So it makes sense that you wouldn’t make snap decisions about how you handle leadership development. But maybe you should.
Your leadership development efforts should be:
In other words, SNAP! Here’s our four-step guide to making great SNAP decisions on leadership development training.
Leadership development isn’t merely a “feel good” activity, and it doesn’t happen in a vacuum. Effective leadership development is aligned with your organization’s goals and overall strategy. It answers the question “How are we going to make sure our managers can carry out our strategy?”
So the first step in choosing leadership development programs is to consider your business strategy. Are you focused on innovations, cost control or acquisitions? Whatever your strategy, your leadership development efforts should support that strategy.
Which brings us to the second essential element.
Leadership development fills the gap between your employees’ current leadership capabilities and the capabilities needed to execute a business strategy. Once you have a firm grip on the business strategy, it’s time to consult with key business leaders to understand what those gaps may be.
For example, in a company that’s trying to control costs, process improvement may be a critical need. That in turn may mean that employees need help working together in cross-functional teams, re-engineering existing processes to make them more or efficient, or adjusting to new ways of working.
One simple, but effective way to determine what your organization’s leadership development needs are is to have a series of conversations with key business leaders. You can find out from there where their managers and teams are falling short. At the same time, but linking these capability gaps to business strategy and that business unit’s needs, you help build support for leadership training.
After you’ve had those conversations, you may want to deconstruct those needs even more and consider what individual elements, or combination of elements, are critical.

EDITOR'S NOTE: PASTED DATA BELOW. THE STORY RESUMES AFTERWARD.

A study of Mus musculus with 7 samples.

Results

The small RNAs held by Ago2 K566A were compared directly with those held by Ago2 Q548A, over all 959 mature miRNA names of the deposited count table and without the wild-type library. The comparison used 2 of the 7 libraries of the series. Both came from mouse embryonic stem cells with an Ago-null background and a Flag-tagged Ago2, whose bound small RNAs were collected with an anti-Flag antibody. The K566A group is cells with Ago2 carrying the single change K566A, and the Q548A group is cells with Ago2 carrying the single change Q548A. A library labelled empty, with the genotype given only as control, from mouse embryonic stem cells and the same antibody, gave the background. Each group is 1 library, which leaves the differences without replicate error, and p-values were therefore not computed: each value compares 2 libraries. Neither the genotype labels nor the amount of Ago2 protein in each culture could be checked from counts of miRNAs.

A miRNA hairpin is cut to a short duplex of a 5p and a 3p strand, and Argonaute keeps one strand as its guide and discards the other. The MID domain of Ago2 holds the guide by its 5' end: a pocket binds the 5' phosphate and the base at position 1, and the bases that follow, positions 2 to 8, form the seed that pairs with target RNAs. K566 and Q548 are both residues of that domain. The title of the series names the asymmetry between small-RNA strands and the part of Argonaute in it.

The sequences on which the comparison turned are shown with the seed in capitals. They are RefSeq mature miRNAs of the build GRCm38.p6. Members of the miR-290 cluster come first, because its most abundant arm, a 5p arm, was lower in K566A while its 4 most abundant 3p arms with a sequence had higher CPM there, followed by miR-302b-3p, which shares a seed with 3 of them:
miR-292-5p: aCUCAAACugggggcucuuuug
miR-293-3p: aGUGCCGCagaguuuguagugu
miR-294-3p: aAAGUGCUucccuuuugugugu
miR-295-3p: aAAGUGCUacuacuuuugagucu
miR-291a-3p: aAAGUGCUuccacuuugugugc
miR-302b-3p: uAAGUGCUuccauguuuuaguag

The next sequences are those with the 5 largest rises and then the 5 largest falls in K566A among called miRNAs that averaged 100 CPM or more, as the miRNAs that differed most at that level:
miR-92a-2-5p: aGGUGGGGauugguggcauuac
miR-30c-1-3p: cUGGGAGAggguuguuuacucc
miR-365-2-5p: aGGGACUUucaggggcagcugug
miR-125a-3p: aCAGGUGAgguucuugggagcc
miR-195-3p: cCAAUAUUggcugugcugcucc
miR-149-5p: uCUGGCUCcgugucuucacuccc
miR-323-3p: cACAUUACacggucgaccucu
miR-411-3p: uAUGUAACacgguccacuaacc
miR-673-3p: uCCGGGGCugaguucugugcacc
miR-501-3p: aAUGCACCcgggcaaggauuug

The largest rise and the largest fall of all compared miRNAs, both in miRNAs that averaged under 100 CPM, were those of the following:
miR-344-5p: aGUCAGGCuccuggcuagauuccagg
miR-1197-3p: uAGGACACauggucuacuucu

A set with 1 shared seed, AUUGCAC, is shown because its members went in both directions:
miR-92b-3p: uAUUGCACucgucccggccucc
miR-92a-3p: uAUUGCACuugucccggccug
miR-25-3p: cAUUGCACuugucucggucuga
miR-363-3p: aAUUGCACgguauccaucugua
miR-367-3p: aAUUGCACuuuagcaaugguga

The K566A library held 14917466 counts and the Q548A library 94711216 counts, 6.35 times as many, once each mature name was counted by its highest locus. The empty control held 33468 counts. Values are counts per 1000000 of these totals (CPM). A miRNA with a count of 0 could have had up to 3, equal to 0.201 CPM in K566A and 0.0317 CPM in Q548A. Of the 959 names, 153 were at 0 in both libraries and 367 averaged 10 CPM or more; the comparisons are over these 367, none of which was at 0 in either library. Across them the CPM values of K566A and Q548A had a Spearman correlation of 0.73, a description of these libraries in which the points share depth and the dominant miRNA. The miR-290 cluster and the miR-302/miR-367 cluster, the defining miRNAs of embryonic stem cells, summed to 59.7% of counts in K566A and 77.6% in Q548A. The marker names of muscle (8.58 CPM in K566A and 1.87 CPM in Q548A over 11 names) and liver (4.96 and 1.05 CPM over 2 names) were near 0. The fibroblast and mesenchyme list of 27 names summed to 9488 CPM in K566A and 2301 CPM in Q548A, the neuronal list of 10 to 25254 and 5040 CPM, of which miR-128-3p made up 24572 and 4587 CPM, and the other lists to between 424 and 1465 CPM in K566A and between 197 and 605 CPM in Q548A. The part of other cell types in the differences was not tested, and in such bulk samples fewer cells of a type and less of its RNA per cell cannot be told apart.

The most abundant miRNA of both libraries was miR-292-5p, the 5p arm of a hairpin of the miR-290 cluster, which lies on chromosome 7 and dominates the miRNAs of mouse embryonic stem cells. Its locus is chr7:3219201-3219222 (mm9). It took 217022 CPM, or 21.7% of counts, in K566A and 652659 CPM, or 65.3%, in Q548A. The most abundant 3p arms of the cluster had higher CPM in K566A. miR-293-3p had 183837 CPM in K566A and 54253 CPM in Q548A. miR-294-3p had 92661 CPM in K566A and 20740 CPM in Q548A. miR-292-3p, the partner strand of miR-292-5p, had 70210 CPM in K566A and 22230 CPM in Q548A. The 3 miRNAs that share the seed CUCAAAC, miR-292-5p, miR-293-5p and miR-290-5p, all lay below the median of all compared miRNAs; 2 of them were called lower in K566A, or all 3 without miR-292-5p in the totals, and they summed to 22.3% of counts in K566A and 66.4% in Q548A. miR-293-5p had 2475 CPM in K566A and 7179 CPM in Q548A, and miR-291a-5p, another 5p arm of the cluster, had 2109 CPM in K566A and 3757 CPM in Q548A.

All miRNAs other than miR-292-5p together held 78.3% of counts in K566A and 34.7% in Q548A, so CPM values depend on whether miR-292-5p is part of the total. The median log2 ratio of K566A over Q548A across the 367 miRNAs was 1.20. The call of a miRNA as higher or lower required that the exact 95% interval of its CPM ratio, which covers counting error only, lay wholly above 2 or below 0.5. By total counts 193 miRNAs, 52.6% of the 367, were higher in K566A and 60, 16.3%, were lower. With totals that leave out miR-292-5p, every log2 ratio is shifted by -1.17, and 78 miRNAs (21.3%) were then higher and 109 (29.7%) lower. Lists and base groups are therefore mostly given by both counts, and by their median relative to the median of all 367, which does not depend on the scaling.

This might include assessments, for example, to help individuals better understand their own strengths and weaknesses around key functions, such as decision making. And it could also include simulations, to help people practice new ways of working together and new ideas before they apply them in day-to-day business activities.
These leadership development offerings, though, will only be effective if they’re tailored to be appropriate for your organization.
Every organization is different. Some have employees scattered across many locations. Others are filled with managers and decision makers who travel frequently.
Ensuring your training activities are appropriate to your company is critical. When thinking about what’s appropriate, you might consider:
These ‘appropriateness’ factors will help you zero in on what kinds of leadership development programs and resources will be most effective for your organization.
You now probably have a pretty good idea of what you need in a leadership development program. But there is one more critical element that can make the difference between failure and success: Support.
Whatever leadership development program you put in place, don’t go it alone.
It’s likely that you’ll choose from assessments, simulations and other program elements to construct your program. What kind of support will you have for implementing those tools effectively?
When looking at providers, you should ask about:
As you consider the leadership development options available to you, making a “SNAP decision” ensures you that you’ll get a positive ROI from your investment.
Want to learn more about how to make your development program a success?